The most memorable or most catchy part of a song.


[n] a basketball shot made over the head with the hand that is farther from the basket
[n] a short swinging punch delivered from the side with the elbow bent
[n] a golf shot that curves to the left for a right-handed golfer; "he tooks lessons to cure his hooking"
[n] a curved or bent implement for suspending or pulling something
[n] a mechanical device that is curved or bent to suspend or hold or pull something
[n] a catch for locking a door
[n] anything that serves as an enticement
[n] a sharp curve or crook; a shape resembling a hook
[v] entice and trap; "The car salesman had snared three potential customers"
[v] to cause (someone or oneself) to become dependent (on something, esp. a narcotic drug)
[v] fasten with a hook
[v] catch with a hook; "hook a fish"
[v] hit with a hook; in boxing; "His opponent hooked him badly"
[v] in golf: hit a ball and put a spin on it so that it travels to the left
[v] interlock
[v] make off with belongings of others
[v] rip off; ask an unreasonable price
[v] take by theft; "Someone snitched my wallet!"


undercharge, unhook

Misc. Definitions

\Hook\, n. [OE. hok, AS. h[=o]c; cf. D. haak, G. hake, haken, OHG. h[=a]ko, h[=a]go, h[=a]ggo, Icel. haki, Sw. hake, Dan. hage. Cf. {Arquebuse}, {Hagbut}, {Hake}, {Hatch} a half door, {Heckle}.]
1. A piece of metal, or other hard material, formed or bent into a curve or at an angle, for catching, holding, or sustaining anything; as, a hook for catching fish; a hook for fastening a gate; a boat hook, etc.
2. That part of a hinge which is fixed to a post, and on which a door or gate hangs and turns.
3. An implement for cutting grass or grain; a sickle; an instrument for cutting or lopping; a billhook. Like slashing Bentley with his desperate hook. --Pope.
4. (Steam Engin.) See {Eccentric}, and {V-hook}.
5. A snare; a trap. [R.] --Shak.
6. A field sown two years in succession. [Prov. Eng.]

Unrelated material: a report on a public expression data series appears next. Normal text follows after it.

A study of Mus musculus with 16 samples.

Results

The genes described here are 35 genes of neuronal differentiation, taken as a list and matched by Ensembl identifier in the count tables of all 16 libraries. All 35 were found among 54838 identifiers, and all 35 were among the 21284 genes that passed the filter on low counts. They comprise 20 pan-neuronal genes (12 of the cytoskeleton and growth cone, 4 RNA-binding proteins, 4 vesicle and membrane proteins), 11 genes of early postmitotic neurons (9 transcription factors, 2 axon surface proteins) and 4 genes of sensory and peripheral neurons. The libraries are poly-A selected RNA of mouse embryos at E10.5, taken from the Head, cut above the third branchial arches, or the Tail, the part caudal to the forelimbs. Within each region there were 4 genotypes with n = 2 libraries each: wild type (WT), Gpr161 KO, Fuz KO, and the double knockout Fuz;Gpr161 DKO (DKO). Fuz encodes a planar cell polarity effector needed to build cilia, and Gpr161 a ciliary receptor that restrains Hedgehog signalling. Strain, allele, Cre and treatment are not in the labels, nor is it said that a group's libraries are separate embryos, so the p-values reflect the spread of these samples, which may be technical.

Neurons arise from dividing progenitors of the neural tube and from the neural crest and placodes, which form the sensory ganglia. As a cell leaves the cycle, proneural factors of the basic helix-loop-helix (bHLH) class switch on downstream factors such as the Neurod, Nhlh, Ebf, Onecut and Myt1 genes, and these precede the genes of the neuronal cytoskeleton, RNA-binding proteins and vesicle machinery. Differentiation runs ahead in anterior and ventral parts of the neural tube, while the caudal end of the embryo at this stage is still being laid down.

7. pl. The projecting points of the thigh bones of cattle; -- called also {hook bones}. {By hook or by crook}, one way or other; by any means, direct or indirect. --Milton. ``In hope her to attain by hook or crook.'' --Spenser. {Off the hooks}, unhinged; disturbed; disordered. [Colloq.] ``In the evening, by water, to the Duke of Albemarle, whom I found mightly off the hooks that the ships are not gone out of the river.'' --Pepys. {On one's own hook}, on one's own account or responsibility; by one's self. [Colloq. U.S.] --Bartlett. {To go off the hooks}, to die. [Colloq.] --Thackeray. {Bid hook}, a small boat hook. {Chain hook}. See under {Chain}. {Deck hook}, a horizontal knee or frame, in the bow of a ship, on which the forward part of the deck rests. {Hook and eye}, one of the small wire hooks and loops for fastening together the opposite edges of a garment, etc. {Hook bill} (Zo["o]l.), the strongly curved beak of a bird. {Hook ladder}, a ladder with hooks at the end by which it can be suspended, as from the top of a wall. {Hook motion} (Steam Engin.), a valve gear which is reversed by V hooks. {Hook squid}, any squid which has the arms furnished with hooks, instead of suckers, as in the genera {Enoploteuthis} and {Onychteuthis}. {Hook wrench}, a wrench or spanner, having a hook at the end, instead of a jaw, for turning a bolthead, nut, or coupling.
\Hook\, v. t. [imp. & p. p. {Hooked}; p. pr. & vb. n. {Hooking}.]
1. To catch or fasten with a hook or hooks; to seize, capture, or hold, as with a hook, esp. with a disguised or baited hook; hence, to secure by allurement or artifice; to entrap; to catch; as, to hook a dress; to hook a trout. Hook him, my poor dear, . . . at any sacrifice. --W. Collins.
2. To seize or pierce with the points of the horns, as cattle in attacking enemies; to gore.
3. To steal. [Colloq. Eng. & U.S.] {To hook on}, to fasten or attach by, or as by, hook.
\Hook\, v. i. To bend; to curve as a hook.
\Hook\, v. i. To move or go with a sudden turn; hence [Slang or Prov. Eng.], to make off; to clear out; -- often with it. ``Duncan was wounded, and the escort hooked it.'' --Kipling.